Prepared Remarks for Secretary of Housing and Urban Development Shaun Donovan at the Fox Run Rural Sustainability Panel Discussion

Greeley, Colorado
Friday, May 14th, 2010

Thank you. It's great to be with Congresswoman Markey, Governor Ritter and Mayor Norton to discuss how the Federal government and agencies like HUD can be a better partner to communities like Greeley.

Now, you might be asking why the Secretary of Housing and Urban Development is in Greeley, Colorado.

Well, despite our name, over the past decade, HUD's Rural Housing and Economic Development program has provided over $230 million to over 800 Community Development Corporations, local rural non-profits, and native tribes -- while funding housing construction and rehab, creating business incubators and credit unions, supporting housing counseling and homeownership programs.

In fact, it was HUD that provided the nearly $4 million in federal funds to build Fox Run affordable housing for seniors.

But today I want to discuss what we're doing to help you make the most of these investments -- and help rural places and small towns like Greeley become more sustainable, walkable, competitive communities.

Right now, housing and transportation costs average more than 50 percent of income for American families. That's a problem for every community -- but particularly in places where families have to drive long distances to get to work, to school or to the doctor's. Spending more than half your budget on two items doesn't leave much for education, for groceries, or for prescription drugs.

That's why HUD will soon be launching a $100 million Sustainability Planning Grant program to encourage regions to integrate their economic development, land use, transportation, and water infrastructure investments -- and integrate workforce development with transit-oriented development.

By making these dollars available to a wide variety of partners-from planning organizations and state governments, to non-profits and philanthropic organizations, we want to encourage communities like Greeley to partner with places like Windsor and Milliken.

As Governor Ritter's Sustainable Main Streets Initiative does at the state level, we want you to find new ways you can work together -- whether it's making senior housing a hub for coordinating local health services, building HUD homes near the new elementary school or job center, providing adult education programming at multifamily housing, or any other investment that helps this community participate in the regional economy. With these funds, we want to help folks that share problems start sharing solutions.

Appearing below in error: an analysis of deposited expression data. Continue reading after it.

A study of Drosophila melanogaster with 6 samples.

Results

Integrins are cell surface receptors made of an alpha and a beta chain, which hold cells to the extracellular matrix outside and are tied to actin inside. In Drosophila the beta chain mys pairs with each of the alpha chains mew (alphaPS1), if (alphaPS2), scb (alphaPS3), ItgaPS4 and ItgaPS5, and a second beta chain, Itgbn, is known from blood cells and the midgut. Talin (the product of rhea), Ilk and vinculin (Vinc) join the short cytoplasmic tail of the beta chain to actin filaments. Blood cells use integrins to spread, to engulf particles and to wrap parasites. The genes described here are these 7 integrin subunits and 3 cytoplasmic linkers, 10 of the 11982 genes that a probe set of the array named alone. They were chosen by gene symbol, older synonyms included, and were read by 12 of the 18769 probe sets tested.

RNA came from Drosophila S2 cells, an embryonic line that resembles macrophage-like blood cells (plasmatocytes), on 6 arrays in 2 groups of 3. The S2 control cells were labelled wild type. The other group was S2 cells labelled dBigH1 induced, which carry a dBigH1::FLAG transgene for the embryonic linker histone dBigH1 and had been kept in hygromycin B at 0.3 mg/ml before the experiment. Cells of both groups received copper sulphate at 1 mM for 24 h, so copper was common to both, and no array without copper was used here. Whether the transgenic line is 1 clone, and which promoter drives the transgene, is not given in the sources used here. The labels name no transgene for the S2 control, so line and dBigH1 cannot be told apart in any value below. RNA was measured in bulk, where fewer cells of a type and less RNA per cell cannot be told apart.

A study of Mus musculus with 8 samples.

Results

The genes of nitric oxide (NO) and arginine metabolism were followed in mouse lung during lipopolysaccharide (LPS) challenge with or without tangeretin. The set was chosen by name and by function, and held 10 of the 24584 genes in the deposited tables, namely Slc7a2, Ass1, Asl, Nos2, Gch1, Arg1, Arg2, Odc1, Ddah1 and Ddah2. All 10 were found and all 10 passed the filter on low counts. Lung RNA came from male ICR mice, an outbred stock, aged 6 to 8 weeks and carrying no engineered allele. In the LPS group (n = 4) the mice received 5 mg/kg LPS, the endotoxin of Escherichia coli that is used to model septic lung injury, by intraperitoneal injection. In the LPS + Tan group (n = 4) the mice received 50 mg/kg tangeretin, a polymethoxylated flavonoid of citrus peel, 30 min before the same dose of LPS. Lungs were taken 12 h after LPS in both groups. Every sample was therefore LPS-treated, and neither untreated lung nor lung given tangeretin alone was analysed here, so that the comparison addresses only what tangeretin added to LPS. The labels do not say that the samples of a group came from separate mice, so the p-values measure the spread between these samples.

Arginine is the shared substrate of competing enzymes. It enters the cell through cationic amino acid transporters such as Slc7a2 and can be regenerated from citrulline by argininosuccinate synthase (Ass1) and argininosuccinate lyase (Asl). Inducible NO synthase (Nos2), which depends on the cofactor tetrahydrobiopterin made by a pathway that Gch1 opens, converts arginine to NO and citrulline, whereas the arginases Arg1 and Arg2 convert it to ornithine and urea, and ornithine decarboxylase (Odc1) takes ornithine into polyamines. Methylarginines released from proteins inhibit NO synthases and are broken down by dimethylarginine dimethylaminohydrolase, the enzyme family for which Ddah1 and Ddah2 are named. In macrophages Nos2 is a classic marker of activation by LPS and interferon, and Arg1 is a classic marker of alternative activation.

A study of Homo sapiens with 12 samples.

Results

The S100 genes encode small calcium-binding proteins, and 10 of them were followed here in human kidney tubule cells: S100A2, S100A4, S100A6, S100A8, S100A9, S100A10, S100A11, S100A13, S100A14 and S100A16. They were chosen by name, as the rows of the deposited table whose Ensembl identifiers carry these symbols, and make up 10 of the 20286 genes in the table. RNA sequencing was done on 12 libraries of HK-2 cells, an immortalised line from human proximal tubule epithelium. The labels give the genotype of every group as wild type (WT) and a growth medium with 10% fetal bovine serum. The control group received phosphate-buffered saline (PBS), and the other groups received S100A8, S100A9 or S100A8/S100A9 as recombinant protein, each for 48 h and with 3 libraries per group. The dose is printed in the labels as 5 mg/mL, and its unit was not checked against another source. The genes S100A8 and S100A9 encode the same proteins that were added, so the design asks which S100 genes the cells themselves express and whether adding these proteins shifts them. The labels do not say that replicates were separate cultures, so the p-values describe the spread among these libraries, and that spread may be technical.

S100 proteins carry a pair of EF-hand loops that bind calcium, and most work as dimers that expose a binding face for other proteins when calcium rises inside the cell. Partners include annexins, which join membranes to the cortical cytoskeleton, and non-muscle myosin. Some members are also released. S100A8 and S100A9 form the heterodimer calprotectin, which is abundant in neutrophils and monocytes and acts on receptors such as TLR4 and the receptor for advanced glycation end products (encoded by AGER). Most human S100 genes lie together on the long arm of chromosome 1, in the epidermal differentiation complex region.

That goes for the Federal government as well. We can't afford to continue working in "silos" where we rarely speak to one other and make investments that often work at cross-purposes.

That's why these planning grants will be selected not only by HUD -- but also by the Department of Transportation and the Environmental Protection Agency.

When it comes to supporting community development, it's time the Federal government spoke with one voice.

But we also need to listen. Earlier this year, we issued an Advanced Notice and Request for Comment for the program, inviting feedback through a new online "Wiki" accessible via HUD's website and through an extensive listening tour around the country.

We asked communities to tell us what works, what isn't working, and how we can help them build more sustainably. Just as importantly, we wanted to send a very important signal that the Obama Administration is serious about being the kind of partner that listens and learns.

And one thing that we heard loud and clear was a concern that larger communities and central cities might receive preference for these funds despite the great need in small town America.

It is with communities like Greeley in mind that we decided to create a special category of funding in this program that will ensure that small towns and rural regions have a better shot at competing for these dollars.

The goal behind all these efforts is to connect housing to jobs and opportunity and to lower energy and transportation costs -- so we can spend less time commuting and more time with family.

In all of them, I don't believe the federal role is to dictate to communities what would be considered the "right" choices inside the Washington Beltway -- but to provide the resources you need to make choices that work for your communities, your needs, and your residents.

Different communities face vastly different challenges and require very different tools. What works for Denver won't necessarily work for Greeley.

But one thing that every community needs is a partner -- who can provide resources and the guidance necessary to use those resources in the best possible way, specific to the challenges they face.

That's what a partner is -- and it's why we're thrilled to be one to all of you here at HUD. And with that, let me pass this off to Governor Ritter. Thank you.